The topic of immigration reform has stirred many passionate speeches over the past few months as Congress debates new reform measures. While there are many different opinions on what needs to be done to address this growing issue, the outcome could have significant impact on the building material supply industry and construction overall. Depending on how a crackdown on illegal immigration takes place, the resulting labor shortages could have the potential to cause delays and add to the cost of new homes.

According to the Pew Hispanic Center, illegal immigrants account for roughly 5 percent of America's overall workforce, or about 7.2 million workers, and 20 percent of those are in construction. As we all know, worker shortages continue to plague the construction industry due in part to the aging baby boomers and to the growing number of U.S. natives receiving post-secondary educations in white-collar service fields. The proposed mass deportation of undocumented workers will bring commercial and residential production to a crawl, creating devastating effects. Immigrant labor is a vital lifeline of the construction industry that preserves prompt infrastructural development and efficient production of new housing that our economy needs to expand.

Immigration Trends According to the results from the 2004 American Community Survey from the Census Bureau:

  • More than 15 percent of the U.S. work-force was born abroad.
  • The share of immigrant workers is much higher in the construction industry than other manual-labor–based industries.
  • Fifty-four percent of immigrant construction workers come from Mexico.
  • The Western Hemisphere accounts for 80 percent of all immigrant construction workers in the U.S.
  • The two most prevalent construction trade occupations for immigrants are carpenters and construction laborers.
  • One-third of painters, masons, and roofers are immigrants.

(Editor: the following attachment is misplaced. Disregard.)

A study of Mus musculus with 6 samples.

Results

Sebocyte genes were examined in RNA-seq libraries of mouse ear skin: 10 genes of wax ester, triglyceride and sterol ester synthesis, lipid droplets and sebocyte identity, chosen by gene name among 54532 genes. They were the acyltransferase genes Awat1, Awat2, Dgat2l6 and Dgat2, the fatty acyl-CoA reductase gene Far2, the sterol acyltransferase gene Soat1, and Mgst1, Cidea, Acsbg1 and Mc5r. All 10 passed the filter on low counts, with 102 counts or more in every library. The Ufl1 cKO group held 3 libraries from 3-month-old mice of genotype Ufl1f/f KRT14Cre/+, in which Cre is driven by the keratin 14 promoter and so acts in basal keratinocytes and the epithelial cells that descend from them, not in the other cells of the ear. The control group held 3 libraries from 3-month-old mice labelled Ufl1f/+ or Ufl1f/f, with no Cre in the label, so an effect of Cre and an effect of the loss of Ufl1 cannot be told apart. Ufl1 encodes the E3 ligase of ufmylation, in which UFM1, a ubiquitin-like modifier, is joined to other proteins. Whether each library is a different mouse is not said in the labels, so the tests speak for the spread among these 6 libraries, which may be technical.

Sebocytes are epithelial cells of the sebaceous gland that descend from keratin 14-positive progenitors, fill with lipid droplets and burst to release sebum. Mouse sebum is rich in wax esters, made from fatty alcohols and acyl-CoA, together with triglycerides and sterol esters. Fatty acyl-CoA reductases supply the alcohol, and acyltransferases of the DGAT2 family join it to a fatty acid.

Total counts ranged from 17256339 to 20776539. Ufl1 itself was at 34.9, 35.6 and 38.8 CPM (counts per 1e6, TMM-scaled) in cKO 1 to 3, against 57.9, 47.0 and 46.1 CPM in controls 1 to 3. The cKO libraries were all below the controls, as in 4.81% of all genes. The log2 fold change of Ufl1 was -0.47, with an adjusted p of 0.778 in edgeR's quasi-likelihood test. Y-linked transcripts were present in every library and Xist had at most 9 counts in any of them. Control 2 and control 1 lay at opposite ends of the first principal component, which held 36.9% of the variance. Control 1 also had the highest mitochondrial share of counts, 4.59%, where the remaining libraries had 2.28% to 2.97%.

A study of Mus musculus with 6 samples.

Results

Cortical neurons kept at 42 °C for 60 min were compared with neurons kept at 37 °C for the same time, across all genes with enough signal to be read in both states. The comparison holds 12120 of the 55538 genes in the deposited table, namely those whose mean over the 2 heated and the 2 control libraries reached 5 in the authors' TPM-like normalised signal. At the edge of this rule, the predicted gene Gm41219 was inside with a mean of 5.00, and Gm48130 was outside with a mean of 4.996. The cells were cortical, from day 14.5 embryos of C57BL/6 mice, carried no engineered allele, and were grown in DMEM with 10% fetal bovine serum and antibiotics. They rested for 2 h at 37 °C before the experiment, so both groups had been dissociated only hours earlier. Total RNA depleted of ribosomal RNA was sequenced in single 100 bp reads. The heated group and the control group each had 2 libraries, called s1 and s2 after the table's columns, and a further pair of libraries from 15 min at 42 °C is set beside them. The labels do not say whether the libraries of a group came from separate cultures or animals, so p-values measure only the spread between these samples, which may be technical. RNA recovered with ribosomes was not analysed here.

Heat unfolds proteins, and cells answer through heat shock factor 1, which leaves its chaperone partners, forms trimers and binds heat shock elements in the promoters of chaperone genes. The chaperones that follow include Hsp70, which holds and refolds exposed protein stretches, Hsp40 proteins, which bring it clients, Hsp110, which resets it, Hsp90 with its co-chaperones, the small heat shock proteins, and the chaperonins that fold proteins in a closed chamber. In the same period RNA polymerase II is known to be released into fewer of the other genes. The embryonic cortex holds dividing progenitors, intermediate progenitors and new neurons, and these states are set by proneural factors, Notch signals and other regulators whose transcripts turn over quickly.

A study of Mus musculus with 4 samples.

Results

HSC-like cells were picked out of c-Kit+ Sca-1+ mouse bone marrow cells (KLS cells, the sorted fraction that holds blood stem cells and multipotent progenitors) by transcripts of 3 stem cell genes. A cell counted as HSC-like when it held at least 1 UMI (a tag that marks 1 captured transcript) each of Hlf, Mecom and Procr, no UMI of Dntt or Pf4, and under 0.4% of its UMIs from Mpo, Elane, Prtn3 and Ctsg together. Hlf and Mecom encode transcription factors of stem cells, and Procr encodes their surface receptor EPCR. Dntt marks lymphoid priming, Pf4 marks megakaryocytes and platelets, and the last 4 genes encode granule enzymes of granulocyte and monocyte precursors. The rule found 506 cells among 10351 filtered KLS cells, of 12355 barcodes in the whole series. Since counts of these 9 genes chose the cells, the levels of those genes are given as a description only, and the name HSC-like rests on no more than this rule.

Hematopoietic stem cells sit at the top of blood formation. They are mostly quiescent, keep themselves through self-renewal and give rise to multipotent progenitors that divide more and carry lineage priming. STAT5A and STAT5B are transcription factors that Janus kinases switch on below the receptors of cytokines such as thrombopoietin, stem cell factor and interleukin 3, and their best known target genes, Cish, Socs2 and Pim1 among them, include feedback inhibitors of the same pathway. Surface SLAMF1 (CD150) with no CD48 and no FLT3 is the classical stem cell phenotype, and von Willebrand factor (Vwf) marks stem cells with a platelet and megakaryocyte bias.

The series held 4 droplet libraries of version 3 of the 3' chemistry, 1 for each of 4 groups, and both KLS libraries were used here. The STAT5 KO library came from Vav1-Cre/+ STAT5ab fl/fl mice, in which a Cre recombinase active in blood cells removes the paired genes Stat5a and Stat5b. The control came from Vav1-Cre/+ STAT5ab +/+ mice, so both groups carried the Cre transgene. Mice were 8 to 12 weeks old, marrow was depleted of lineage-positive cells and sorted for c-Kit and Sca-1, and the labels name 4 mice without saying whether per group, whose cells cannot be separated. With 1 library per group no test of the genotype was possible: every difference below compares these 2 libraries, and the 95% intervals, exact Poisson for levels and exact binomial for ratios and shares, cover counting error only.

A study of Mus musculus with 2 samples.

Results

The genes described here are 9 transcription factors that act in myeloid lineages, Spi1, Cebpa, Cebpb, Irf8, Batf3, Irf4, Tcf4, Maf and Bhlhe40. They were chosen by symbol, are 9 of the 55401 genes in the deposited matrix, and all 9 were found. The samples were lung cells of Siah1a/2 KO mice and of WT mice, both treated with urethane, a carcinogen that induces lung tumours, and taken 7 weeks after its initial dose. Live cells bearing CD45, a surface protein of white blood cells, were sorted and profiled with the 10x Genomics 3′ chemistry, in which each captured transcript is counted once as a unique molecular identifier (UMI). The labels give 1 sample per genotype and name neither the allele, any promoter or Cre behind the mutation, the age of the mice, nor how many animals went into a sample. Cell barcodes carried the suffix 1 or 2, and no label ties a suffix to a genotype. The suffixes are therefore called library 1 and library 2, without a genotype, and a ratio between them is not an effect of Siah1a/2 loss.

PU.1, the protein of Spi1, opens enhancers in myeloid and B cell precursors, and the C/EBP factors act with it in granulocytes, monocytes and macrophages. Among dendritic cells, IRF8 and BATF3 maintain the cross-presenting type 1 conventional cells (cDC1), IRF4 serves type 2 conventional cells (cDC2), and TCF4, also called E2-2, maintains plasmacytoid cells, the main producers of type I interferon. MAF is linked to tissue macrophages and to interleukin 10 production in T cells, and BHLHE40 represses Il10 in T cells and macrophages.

• Forty percent of drywall/ceiling tile installers and tapers are foreign-born.

The number of persons granted lawful permanent residence in the United States increased by more than 200,000 people between 2003 and 2004, from 706,000 to 946,000. The leading regions of origin of legal immigrants were North America and Asia. The leading source countries (of birth) for legal immigrants in 2004 were Mexico (18.5 percent), followed by India (7.4 percent), the Philippines (6.1 percent), China (5.4 percent), Vietnam (3.3 percent), and the Dominican Republic (3.2 percent). Shawn Conrad is president of NLBMDA.

Clearly this is an issue that will be closely tracked, and NLBMDA is certainly interested in this topic as it relates to the construction industry as a whole and to the workforce that contributes to the growth of the industry.

With President George W. Bush and Congress pledging to address the issues of immigration reform, many ideas, from guest-worker programs to the construction of border fencing, will be offered as solutions. NLBMDA's government affairs focus will be reviewing these “reform measures” to understand their impact on our industry. If you have a thought to share, e-mail me at [email protected].